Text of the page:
Ernest Hemingway spent many years in Cuba and was living there when he won the Nobel Prize for Literature in 1954. He told a Cuban television reporter at the time that he was proud to be the first cubano sato to be a Nobel laureate. Hemingway of course knew some Spanish from his days covering the Civil War there in the 1930s, but the expression is unique to the Caribbean nation’s Spanish dialect. It roughly means “half Cuban” or “honorary Cuban.”
This week, Publishers Weekly News Editor Calvin Reid joined the first delegation from the American publishing community to attend the annual Havana Book Fair. He returned enamored of the island just as Hemingway was. Reid tells CCC’s Chris Kenneally that he found Havana full of eager readers as well as anxious publishers who declared the Cuban book industry to be facing a critical moment in its history.
Also this week, PW senior writer Andrew Albanese provides an update on the effort by Apple to appeal the verdict against it for e-book price-fixing. How the high court rules has significant impact for consumers and the book business.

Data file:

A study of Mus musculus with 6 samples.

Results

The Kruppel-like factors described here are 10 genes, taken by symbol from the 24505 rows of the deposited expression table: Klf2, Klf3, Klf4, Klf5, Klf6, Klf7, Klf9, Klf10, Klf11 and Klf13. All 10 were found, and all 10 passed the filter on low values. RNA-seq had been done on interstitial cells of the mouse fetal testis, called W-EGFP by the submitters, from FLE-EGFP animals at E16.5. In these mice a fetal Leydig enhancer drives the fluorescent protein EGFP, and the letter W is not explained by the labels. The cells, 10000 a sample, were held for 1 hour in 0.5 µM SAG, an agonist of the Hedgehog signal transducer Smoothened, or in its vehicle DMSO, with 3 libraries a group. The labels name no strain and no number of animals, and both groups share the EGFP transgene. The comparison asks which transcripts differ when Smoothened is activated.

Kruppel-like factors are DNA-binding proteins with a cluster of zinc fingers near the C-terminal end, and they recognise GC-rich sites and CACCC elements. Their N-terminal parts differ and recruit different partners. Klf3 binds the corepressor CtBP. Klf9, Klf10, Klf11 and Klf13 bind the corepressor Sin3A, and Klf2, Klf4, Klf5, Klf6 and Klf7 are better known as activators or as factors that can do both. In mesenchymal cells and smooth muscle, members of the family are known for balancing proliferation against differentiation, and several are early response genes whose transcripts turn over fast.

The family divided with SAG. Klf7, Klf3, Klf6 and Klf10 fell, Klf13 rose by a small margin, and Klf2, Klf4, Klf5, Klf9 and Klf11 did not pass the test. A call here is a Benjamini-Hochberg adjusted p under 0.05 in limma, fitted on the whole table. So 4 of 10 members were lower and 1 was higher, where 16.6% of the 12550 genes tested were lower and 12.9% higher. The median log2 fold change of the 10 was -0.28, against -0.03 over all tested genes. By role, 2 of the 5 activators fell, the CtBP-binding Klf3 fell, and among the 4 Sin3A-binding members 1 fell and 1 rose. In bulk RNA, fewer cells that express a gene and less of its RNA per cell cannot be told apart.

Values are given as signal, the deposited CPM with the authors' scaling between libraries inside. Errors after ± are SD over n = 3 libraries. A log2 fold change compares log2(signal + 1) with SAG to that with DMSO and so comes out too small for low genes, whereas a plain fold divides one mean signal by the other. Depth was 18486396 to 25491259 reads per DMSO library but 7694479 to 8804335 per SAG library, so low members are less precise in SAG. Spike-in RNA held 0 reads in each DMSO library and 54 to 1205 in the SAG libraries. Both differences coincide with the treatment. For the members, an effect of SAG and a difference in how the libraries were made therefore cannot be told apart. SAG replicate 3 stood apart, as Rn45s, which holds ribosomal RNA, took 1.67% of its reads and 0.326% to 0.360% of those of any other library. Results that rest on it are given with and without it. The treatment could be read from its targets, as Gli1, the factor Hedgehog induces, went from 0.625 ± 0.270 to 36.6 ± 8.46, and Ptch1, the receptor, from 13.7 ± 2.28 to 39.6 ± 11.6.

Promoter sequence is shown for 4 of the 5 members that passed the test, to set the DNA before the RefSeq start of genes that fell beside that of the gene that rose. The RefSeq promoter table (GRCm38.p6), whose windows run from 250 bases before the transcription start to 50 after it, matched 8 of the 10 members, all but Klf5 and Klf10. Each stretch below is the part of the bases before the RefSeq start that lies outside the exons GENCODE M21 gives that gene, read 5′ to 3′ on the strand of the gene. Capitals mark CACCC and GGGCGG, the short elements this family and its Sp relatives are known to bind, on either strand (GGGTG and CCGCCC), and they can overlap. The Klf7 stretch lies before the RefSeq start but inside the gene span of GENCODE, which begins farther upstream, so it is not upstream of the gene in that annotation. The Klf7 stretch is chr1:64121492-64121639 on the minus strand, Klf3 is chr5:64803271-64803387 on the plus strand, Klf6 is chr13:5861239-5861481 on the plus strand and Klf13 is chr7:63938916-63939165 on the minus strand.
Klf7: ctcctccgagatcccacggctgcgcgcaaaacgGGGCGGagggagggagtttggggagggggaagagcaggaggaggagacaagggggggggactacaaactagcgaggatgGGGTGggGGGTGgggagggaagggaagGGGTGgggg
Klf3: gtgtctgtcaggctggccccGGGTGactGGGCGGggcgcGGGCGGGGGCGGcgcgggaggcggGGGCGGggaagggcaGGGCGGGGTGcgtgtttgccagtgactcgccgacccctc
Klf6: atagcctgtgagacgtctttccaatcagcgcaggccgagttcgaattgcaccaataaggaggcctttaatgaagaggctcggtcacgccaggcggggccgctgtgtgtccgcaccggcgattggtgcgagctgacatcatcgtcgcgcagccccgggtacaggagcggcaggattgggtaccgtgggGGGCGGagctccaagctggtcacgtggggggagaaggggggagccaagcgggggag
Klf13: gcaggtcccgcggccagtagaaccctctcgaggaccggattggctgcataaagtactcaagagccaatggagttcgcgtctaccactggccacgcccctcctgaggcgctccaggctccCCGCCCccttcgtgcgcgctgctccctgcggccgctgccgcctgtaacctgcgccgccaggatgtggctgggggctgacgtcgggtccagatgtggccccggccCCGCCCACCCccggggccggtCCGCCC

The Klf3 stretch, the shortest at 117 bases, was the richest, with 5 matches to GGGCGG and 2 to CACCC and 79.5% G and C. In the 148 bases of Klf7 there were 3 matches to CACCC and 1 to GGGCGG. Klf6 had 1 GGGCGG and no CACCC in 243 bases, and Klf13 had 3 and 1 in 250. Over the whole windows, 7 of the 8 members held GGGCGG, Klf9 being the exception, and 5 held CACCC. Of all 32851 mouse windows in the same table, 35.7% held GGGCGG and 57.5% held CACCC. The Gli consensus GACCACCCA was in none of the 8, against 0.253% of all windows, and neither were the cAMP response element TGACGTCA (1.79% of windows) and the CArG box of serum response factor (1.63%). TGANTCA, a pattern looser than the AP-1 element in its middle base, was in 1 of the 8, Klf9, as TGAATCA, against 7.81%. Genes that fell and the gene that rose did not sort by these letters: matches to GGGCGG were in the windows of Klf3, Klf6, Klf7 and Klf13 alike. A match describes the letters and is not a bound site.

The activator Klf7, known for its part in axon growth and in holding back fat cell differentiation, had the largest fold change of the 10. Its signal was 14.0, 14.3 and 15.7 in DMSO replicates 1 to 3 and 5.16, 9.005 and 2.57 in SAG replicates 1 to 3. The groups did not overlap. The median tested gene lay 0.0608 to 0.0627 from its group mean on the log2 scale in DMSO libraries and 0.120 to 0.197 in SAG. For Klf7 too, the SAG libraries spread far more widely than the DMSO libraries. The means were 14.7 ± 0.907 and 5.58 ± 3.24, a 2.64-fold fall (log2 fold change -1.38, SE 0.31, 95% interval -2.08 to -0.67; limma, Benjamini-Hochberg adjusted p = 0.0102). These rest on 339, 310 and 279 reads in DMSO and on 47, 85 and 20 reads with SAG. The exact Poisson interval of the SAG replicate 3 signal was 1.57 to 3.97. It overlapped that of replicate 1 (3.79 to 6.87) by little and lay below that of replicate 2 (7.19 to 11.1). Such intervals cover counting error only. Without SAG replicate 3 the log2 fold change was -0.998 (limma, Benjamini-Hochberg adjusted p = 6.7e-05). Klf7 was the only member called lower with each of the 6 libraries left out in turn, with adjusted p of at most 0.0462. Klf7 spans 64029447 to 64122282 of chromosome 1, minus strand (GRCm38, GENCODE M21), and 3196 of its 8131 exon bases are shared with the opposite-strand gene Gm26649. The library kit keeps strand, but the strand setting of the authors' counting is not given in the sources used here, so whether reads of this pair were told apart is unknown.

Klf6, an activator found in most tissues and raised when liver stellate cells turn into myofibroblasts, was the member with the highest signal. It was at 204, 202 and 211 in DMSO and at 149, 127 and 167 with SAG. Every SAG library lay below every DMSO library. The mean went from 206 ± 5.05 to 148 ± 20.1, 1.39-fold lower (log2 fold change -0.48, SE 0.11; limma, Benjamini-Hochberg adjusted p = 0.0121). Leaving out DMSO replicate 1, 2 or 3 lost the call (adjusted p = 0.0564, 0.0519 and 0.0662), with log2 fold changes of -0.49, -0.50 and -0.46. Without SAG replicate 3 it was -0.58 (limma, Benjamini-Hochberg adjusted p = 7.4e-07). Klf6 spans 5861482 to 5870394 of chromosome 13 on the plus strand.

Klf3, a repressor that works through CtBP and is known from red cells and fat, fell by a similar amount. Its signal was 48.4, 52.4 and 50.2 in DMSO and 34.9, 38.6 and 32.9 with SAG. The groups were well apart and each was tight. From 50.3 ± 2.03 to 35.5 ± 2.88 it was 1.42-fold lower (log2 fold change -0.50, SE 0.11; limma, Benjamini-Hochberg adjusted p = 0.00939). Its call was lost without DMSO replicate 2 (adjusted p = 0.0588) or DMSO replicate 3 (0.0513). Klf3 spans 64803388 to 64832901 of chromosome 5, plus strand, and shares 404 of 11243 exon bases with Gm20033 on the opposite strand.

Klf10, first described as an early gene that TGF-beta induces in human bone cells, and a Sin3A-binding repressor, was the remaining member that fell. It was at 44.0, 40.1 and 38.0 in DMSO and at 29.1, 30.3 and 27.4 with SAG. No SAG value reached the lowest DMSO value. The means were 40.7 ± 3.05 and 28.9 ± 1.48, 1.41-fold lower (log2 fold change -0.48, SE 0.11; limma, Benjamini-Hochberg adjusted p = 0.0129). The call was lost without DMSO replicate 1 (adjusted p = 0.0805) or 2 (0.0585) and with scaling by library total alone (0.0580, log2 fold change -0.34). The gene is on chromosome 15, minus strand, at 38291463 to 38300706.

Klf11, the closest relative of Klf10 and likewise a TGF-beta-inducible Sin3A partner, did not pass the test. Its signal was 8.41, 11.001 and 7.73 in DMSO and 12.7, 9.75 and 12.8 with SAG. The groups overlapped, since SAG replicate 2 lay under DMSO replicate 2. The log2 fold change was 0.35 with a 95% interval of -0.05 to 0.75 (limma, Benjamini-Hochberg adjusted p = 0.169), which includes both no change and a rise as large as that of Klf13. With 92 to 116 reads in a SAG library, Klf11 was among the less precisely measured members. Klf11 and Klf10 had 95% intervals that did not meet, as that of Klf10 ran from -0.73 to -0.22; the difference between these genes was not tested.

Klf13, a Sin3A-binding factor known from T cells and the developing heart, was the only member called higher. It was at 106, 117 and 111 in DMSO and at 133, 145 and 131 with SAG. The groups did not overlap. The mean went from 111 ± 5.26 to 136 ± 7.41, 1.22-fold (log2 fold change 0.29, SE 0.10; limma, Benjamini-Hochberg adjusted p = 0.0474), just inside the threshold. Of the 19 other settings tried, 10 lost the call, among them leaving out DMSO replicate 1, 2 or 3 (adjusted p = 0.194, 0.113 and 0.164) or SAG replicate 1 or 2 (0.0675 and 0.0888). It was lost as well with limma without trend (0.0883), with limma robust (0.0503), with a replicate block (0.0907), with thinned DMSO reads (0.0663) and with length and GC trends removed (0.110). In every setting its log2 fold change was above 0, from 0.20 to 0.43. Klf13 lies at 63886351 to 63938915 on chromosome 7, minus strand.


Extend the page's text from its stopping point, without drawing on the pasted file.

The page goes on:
“If the high court declines to take Apple’s appeal, Judge Denise Cote’s 2013 liability finding against Apple will be considered final, triggering $400 million in consumer rebates,” Albanese reports. “If the case is remanded for further proceedings, Apple will pay $50 million to consumers. If reversed, Apple will pay nothing.”
Every Friday, CCC’s “Beyond the Book” speaks with the editors and reporters of “Publishers Weekly” for an early look at the news that publishers, editors, authors, agents and librarians will be talking about when they return to work on Monday.